Kikkan Randall stood on the concrete platform of Anchorage’s Town Square and looked out at the faces of her hometown. On a Wednesday afternoon in early April, this mountaintop view capped her 20-year journey as an athlete.
She saw her family sprinkled in the crowd. Her son sat on her husband’s shoulders. Her dad held up an oversized picture of her. At her feet, children looked up, just as she had gazed on her own Olympic heroes as a girl.
She was already one of the most recognized and respected athletes in Alaska history. As a gold medalist and a mother, she was starting a new life.
That life would last 39 days from that April afternoon. And then a new journey would begin for Randall. A cancer journey that would remake how she was seen and how she saw herself.
Anchorage had followed every step of Randall’s skiing career. In the months that followed, she also shared the intimate moments of her difficult cancer year with the Anchorage Daily News.
The story begins in Town Square, with Randall’s skiing teammates at her side, Olympians in their own right. She had insisted they also be recognized.
But the crowd had come to see her. She had won a historic gold medal at the Winter Olympics six weeks earlier, the first in her sport for an American. It felt like it was their medal too.
“Kikkan, to come back wearing that hefty gold around your neck, you wear it with pride,” said U.S. Sen. Lisa Murkowski, on the steps with Randall. “But know that as Alaskans, we wear it with you.”
Randall first drew attention as a teen at Anchorage’s East High School. She joined an Olympic-minded ski training program as a sophomore and made her first Olympics in 2002, at age 19.
Randall’s accomplishments were bar-setting in a sport close to Alaska’s heart. She became the most accomplished American cross-country skier long before she won Olympic gold.
In Rybinsk, Russia, in 2007, she became the first American woman to win an International Ski Federation World Cup race since former Alaska Methodist University skier Alison Owen did it 29 years prior. In the years that followed, Randall did it 12 more times.
In 2012, she became the first and only American woman to win the World Cup season sprint title. She repeated the feat in 2013 and 2014. Three times she has earned medals at the biennial Nordic World Ski Championships.
Arriving in Pyeongchang, South Korea, last winter, she became a five-time Olympian.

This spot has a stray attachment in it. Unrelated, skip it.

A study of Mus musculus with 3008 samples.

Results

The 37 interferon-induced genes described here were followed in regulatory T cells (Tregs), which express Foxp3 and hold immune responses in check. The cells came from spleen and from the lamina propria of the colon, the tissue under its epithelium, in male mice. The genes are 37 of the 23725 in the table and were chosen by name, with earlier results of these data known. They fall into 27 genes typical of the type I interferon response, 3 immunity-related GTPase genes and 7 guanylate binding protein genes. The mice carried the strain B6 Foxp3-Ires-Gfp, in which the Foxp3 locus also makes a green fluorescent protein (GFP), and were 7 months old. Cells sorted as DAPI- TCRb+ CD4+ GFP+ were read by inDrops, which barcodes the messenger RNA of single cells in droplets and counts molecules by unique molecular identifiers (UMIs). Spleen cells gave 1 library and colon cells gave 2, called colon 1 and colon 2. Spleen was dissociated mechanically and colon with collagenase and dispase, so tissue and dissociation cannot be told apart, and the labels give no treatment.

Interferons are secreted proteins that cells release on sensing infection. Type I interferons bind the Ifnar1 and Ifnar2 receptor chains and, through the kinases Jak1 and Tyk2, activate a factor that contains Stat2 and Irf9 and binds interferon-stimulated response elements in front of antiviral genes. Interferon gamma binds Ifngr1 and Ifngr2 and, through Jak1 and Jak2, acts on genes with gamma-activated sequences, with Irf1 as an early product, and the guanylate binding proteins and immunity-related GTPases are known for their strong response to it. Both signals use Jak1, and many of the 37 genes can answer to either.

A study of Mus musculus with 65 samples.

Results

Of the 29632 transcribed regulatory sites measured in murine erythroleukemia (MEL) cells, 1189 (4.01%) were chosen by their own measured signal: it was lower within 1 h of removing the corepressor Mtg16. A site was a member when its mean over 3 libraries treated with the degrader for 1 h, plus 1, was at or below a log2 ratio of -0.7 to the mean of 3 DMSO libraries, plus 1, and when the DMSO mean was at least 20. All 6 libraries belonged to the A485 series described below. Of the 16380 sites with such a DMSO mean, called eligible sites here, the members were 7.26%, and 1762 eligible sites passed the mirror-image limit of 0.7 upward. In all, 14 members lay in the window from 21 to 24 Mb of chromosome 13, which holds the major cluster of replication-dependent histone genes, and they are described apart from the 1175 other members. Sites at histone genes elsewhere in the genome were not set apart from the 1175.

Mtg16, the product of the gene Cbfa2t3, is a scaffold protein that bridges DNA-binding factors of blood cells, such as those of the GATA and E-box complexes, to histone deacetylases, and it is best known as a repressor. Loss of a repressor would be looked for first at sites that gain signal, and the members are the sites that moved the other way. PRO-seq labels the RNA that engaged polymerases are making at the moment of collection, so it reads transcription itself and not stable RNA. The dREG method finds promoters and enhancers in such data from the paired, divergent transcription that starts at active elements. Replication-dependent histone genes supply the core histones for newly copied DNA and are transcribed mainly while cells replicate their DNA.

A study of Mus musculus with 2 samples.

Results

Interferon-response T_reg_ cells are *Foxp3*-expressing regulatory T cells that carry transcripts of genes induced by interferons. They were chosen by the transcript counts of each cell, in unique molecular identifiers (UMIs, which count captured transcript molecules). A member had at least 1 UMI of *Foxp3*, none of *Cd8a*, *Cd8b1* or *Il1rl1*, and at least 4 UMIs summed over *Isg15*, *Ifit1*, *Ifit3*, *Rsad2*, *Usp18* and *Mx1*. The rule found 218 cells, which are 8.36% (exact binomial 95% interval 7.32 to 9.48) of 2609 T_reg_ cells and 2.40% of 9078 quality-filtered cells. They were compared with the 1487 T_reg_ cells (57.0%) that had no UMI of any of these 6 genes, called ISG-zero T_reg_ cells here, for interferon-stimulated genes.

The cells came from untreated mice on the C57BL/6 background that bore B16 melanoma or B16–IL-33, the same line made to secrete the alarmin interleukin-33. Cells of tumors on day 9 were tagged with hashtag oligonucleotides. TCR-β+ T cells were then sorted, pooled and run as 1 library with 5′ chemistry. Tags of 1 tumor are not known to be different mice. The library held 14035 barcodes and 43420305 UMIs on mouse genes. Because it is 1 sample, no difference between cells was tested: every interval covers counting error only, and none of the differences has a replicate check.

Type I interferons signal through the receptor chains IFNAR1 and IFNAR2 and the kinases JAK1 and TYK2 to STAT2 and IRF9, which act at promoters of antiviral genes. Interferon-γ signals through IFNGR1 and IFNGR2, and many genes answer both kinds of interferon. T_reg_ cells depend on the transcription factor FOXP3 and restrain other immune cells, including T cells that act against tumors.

Many Alaskans stayed awake in the middle of a February night to watch Randall in what would be the final race of her last Olympics. She was no longer the U.S. team’s fastest sprinter, but coaches chose her to join the team’s rising star, Jessie Diggins of Minnesota, in the two-person team sprint event.
Randall’s 18th Olympic start pitted her against the sport’s titans, including Norway’s Marit Bjoergen, the winningest athlete in Winter Olympics history.
Randall held them apace, even on the course’s punishing climbs.
“As the hill got steeper, I actually felt stronger and stronger,” Randall said.
When she tagged Diggins for the third and final time, the American team was in position to medal. Diggins detonated from the final turn and, in an electric finish that became one of the most replayed moments of the games, lunged her boot forward to win by .19 seconds.
Randall screamed. She and Diggins joyfully danced on top of the podium. America watched as they received the nation’s first Olympic gold ever in cross country skiing.
She finally made it home to Anchorage, after finishing her final season, six weeks later.
“It’s been a fairy-tale ending to an amazing journey,” she told the crowd in Town Square. "And now that my career is coming to a close, I can’t wait to see what this next generation is going to do, because they know it’s possible.”
Randall stayed until the crowd dissipated, the folding chairs were racked, and her ungloved fingers were cold — until everyone who wanted to inspect her medal or pose for a picture had a chance.
Anchorage farewells took weeks, with public appearances and intense moments thanking friends and sponsors. When it was over, Randall moved to Penticton, British Columbia, with her husband, Jeff Ellis, and 2-year-old son, Breck.
She found herself alone with her family, sitting on lawn chairs in their living room as they furnished their new home, starting afresh and ready to begin new rhythms of life.
“I did start to realize how different it was going to be, and how there was going to be some challenge to figure out a new purpose,” she said.
But the joys of family time were immediate. On Mother’s Day, sunny and warm, Randall awoke to flowers and a card. She hiked with Ellis and Breck out their back door into hills that were purple with blooming wildflowers. They bought a children’s swimming pool for their son and a grill for the backyard.
“It felt like we were going to be able to settle in,” Ellis said.
That evening, after the couple put their son to bed, Randall prepared for sleep. As she changed clothes, she felt a hardness in the tissue of her right breast. At first she thought it might be part of a rib bone. Upon further inspection, it felt like two peas.
Before the day could end in the calm that it began with, her mind and mood twisted and turned. It’s probably nothing, she told herself. She remembered a friend who had once found a benign growth.
But she couldn’t shake a sinking feeling in the back of her mind before falling asleep.
She said, “Jeff, am I crazy or does this feel like something?”